17.jpg In spite of some the chance to get a better premium, it’s not always advisable to switch insurance companies.

Short-rating and prorating

If you cancel a policy before its due date, you should be refunded for (part of) the unused coverage. If, for instance, you canceled it nine months into the one-year contract, you should expect to be refunded for the remaining three months. You can’t just give up on that, because we may be talking about a considerable amount – one fourth of the average American premium of around $2,000 is close to $500, which is more than a week’s paycheck for some people. Getting the full amount back is known as prorating and, sadly enough, not a lot of insurance companies use it.

The short-rating system, as you may have guessed, gives you less money back. The company keeps some of that as a “penalty” for canceling mid-term, which is in the range of 10% of the remaining amount. If, for instance, you pay a $2,400 policy for the whole year upfront and decide to cancel after one month, you will be charged $220, representing 10% of $2,200. If the company you want to switch to offers the exact same coverage for $2,200 a year, you might have thought you made an economy of $200 when, in fact, you are losing $20.

No more fidelity bonus

Most, if not all major insurance companies reward their loyal customers. After all, you help them cut down on marketing costs – they no longer have to spend money to make you join the system, as you are already in. The loyalty bonus is in the range of 10% per year if you have been with the same company for more than a couple of years. If you are to switch carriers for the sake of a few pennies saved, you will not get this discount from the new company, so you may, in fact, be losing money.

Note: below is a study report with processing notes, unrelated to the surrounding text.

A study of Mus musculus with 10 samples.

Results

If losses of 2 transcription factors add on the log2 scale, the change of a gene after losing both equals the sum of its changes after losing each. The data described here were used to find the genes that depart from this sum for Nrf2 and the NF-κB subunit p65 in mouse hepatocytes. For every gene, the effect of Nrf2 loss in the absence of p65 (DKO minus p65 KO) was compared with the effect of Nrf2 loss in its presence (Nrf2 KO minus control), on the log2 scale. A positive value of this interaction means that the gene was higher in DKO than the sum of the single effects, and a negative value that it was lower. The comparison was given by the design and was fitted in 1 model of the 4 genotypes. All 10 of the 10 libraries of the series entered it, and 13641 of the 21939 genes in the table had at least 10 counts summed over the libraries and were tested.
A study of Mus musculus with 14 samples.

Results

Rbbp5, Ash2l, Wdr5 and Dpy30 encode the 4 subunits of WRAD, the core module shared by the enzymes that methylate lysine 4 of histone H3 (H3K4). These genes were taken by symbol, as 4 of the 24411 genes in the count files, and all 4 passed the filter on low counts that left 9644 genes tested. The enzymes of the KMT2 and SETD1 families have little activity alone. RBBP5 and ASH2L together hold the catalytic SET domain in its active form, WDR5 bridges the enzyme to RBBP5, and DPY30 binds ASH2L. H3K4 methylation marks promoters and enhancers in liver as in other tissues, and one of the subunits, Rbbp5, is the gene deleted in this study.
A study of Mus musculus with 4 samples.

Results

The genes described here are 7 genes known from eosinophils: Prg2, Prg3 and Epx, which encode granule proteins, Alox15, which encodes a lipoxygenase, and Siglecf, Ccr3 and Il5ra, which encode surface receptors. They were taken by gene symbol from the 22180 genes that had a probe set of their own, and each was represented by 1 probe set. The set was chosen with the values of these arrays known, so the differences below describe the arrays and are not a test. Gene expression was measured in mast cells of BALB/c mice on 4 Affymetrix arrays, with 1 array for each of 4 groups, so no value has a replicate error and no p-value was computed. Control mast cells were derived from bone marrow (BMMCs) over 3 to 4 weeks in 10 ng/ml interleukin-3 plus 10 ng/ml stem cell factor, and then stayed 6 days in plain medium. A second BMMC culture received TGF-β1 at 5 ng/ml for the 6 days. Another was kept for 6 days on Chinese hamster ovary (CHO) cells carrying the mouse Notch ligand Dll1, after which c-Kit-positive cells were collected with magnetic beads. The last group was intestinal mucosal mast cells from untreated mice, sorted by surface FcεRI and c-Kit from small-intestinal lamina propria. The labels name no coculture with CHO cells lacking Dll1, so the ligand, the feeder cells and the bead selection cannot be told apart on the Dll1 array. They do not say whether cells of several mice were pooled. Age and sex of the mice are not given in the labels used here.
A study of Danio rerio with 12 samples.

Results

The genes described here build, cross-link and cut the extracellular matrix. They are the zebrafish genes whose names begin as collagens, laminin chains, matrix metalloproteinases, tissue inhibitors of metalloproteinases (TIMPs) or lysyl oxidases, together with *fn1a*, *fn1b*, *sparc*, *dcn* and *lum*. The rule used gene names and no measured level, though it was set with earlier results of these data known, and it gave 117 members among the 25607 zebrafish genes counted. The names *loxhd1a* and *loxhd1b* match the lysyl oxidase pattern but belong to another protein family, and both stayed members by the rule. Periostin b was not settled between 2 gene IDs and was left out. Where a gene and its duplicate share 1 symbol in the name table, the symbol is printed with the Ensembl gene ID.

When should you switch insurance companies?

Long story short, do it when it’s worth the hassle. Do the math well, analyze all hidden charges and penalties you may have to pay, and factor in a few hours of your time you will have to spend to do the research to find the right auto insurance rate and send in the paperwork.

Final tips

  • Don’t forget to cancel the old policy once you have switched to the new carrier. Notify them in writing that you aren’t going to renew it, even though the company doesn’t specifically ask for it – should you be accused of non-payment, you will have proof that you are no longer working with them.
  • Don't cancel the old policy before the new certificate gets to you. You are technically insured from the very moment you have paid for the insurance package; however, just to avoid any hassles, wait until you have the insurance papers in your hands.